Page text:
2019 Domaine de l'Anglore Tavel Prima #166280656
Eric Pfifferling's Domaine de l'Anglore represents the vibrant heart of the modern Grenache wine movement, producing fresh, juicy, and crushable wines that challenge traditional perceptions of this classic grape. Located in Tavel, a village in the Gard department of France, L'Anglore has become synonymous with the new school of Grenache wines, spearheaded by winemakers like Pfifferling, Comando G, and Christophe Marin. These visionaries are elevating the grape's reputation, offering complex and refreshing wines teeming with structure and zesty fruit. They've made an essential paradigm shift in viticulture, moving away from heady, high-alcohol wines and towards lighter, more versatile styles, perfect for chilling during the warmer months.
Eric Pfifferling, a former beekeeper, founded Domaine de l'Anglore in 2002 after transitioning to grape cultivation and winemaking. This decision came after encounters with natural wine legends like Marcel Lapierre and Thierry Puzelat, who inspired him to adopt organic viticulture and natural methods. Pfifferling's wines were an instant success, electrifying wine enthusiasts with their purity, finesse, and transgressive, whole-cluster style. Today, the Pfifferling family, including Eric's wife Marie and their sons Thibault and Joris, craft over a dozen cuvées, primarily Grenache-based, from their expanded 20-hectare estate.
Although based in Tavel, most of L'Anglore's wines don't carry the AOP labels, as Pfifferling's boundary-blurring style challenges the traditional categorization of light reds and rosé. The vineyard stands comfortably amongst the paragons of natural winemaking in the south, such as Gramenon and Leon Barral, imparting its knowledge to the next generation of star winemakers like Romain le Bars.
L'Anglore's Tavel AOP wines are particularly noteworthy. The standard Tavel is a blend of Grenache with smaller amounts of Cinsault, Carignan, and Clairette. Its production involves a short carbonic maceration and a gentle pressing, resulting in a lightly tannic wine full of juicy, spicy fruit. This wine contrasts sharply with the more typical saignées produced in the region.
The Tavel Vintage, derived from a single parcel of 70-year-old vines and aged for 18 months in a single demi-muid, is the most structured of L'Anglore's offerings. It is Pfifferling's idea of a vin de garde, a wine made to age, embodying the winery's dedication to natural methods with no fining, filtering, or sulfur used in its production.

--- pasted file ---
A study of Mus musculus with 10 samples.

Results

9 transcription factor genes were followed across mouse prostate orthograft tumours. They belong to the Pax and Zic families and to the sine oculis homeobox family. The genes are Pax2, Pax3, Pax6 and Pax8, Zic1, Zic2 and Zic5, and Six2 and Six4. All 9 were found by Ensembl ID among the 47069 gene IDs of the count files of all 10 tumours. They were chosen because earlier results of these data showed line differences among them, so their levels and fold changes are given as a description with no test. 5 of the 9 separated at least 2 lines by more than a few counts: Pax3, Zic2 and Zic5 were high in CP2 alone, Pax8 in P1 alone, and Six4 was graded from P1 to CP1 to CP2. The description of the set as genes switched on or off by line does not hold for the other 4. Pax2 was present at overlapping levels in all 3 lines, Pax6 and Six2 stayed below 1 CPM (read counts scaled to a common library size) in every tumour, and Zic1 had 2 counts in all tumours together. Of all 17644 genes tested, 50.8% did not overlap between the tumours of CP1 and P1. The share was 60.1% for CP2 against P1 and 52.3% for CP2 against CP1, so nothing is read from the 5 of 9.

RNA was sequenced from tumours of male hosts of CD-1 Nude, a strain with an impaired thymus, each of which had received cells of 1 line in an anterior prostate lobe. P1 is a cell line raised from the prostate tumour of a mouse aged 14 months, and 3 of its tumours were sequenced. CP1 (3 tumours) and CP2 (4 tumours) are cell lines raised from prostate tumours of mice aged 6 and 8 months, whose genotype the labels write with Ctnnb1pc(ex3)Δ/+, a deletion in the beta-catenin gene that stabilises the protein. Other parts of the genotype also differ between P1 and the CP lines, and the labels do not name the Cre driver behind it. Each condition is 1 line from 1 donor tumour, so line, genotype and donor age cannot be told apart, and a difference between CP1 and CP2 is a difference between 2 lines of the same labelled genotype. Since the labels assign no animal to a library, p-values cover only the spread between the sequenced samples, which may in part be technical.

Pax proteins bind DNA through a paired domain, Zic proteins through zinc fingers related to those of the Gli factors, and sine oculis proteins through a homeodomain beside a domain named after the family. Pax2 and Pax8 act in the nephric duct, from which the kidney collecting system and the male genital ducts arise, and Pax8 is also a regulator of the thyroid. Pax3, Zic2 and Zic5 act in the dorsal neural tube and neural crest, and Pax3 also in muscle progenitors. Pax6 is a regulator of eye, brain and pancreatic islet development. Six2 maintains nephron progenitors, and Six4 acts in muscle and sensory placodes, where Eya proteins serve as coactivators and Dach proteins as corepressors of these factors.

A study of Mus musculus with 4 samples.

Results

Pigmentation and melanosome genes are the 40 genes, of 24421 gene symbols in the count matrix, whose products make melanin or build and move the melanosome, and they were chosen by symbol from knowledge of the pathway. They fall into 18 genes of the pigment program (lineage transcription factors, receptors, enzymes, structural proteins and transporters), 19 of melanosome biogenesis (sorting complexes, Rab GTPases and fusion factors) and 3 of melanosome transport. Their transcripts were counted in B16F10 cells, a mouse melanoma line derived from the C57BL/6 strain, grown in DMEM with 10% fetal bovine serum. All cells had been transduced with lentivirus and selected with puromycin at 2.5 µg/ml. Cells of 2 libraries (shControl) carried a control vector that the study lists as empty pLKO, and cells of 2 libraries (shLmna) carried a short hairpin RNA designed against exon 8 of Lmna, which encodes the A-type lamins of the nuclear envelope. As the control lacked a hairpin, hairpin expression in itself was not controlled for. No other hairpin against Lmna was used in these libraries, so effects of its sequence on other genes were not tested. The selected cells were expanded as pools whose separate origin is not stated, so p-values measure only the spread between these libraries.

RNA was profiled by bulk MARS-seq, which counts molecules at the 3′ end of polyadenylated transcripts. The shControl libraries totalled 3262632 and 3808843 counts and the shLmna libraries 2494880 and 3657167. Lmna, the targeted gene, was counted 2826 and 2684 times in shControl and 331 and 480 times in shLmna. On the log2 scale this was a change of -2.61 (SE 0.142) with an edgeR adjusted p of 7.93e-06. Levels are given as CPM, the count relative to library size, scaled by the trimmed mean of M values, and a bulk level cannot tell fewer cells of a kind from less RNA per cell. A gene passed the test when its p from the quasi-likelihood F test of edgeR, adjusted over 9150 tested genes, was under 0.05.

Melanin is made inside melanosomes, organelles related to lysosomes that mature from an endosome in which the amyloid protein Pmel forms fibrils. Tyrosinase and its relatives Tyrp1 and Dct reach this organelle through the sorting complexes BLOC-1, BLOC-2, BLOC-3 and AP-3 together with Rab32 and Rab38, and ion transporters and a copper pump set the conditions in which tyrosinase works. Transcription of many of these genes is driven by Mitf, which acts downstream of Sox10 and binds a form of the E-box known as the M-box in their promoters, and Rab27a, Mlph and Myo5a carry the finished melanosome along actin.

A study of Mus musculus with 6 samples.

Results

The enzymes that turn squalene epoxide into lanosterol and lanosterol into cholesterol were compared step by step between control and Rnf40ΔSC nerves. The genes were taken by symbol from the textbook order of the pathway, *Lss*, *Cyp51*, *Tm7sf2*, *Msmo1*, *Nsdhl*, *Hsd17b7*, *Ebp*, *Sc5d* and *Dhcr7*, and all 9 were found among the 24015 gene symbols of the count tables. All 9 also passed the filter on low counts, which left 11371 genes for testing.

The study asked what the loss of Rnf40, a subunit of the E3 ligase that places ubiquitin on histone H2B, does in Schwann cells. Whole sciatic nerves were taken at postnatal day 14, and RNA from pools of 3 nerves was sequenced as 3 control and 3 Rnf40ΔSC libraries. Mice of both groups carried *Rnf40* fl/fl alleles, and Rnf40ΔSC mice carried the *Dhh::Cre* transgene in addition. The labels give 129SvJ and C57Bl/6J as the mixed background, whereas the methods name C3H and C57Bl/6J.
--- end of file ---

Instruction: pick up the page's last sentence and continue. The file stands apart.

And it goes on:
Chemins de la Brune, a direct press rosé, is another standout. Sourced from century-old Grenache vines, it is bolstered by Cinsault and Aramon, which enrich the color and texture. This wine is aged in steel for a year, offering a plummy, juicy, and lifted profile with a long finish.
Pierre Chaude is one of the newer offerings, sourced from a parcel of Grenache planted by Pfifferling's grandfather in the 1950s. The vineyard is notable for its diverse soils, featuring large flat rocks akin to nearby Chateauneuf. This wine is bright, bursting with fresh herbs and juicy flavors, presenting pure and dazzling Grenache in a bottle.
Terre d'Ombre is another Grenache-based cuvée, grown on crumbly blue marls peppered with garrigue. This cuvée undergoes a long, 6-week carbonic maceration and is bottled in the spring. The result is an exuberant wine, effusive with herbs, red fruits, and red floral notes.
L'Anglore also crafts a Lirac cuvée, derived from all three colors of Grenache, supported by Mourvèdre and Clairette. Grown on a mix of sandy and rocky soils with limestone, this wine undergoes a longer maceration, resulting in concentrated and tart red fruits like pomegranate and sour cherries.
In contrast, the Cotes du Rhone Comeyre flips the script, with a near-total majority of Carignan, alongside Grenache. This brooding, structured wine is dark-fruited and dense, offering an engaging savoriness.
Les Traverses follows a similar mold, relying on old vines of Syrah, with only a third of Grenache. Aged in steel, this wine retains a freshness to its dark fruit profile, layered with spicy undertones and hints of lavender and licorice.
Vejade, Pfifferling's favorite cuvée, is an equal split of Grenache and Mourvèdre, predominantly bottled in magnum for long-term cellaring. Lastly, there is the newest addition to L'Anglore's portfolio, Le Ruisseau, an entirely Mourvèdre wine. It's produced in a joyous style, featuring bright purple fruits, leather notes, and fine tannins.
All of L'Anglore's cuvées are made in limited quantities due to the winery's commitment to quality and natural methods, making each bottle a precious testament to Pfifferling's innovative winemaking approach. Domaine de l'Anglore has not only become an icon in the natural wine community but also a torchbearer of the new school of Grenache wines. With its ability to craft wines that defy traditional categorization, L'Anglore continues to surprise and captivate wine enthusiasts worldwide, reaffirming Grenache's place as a versatile and vibrant grape variety.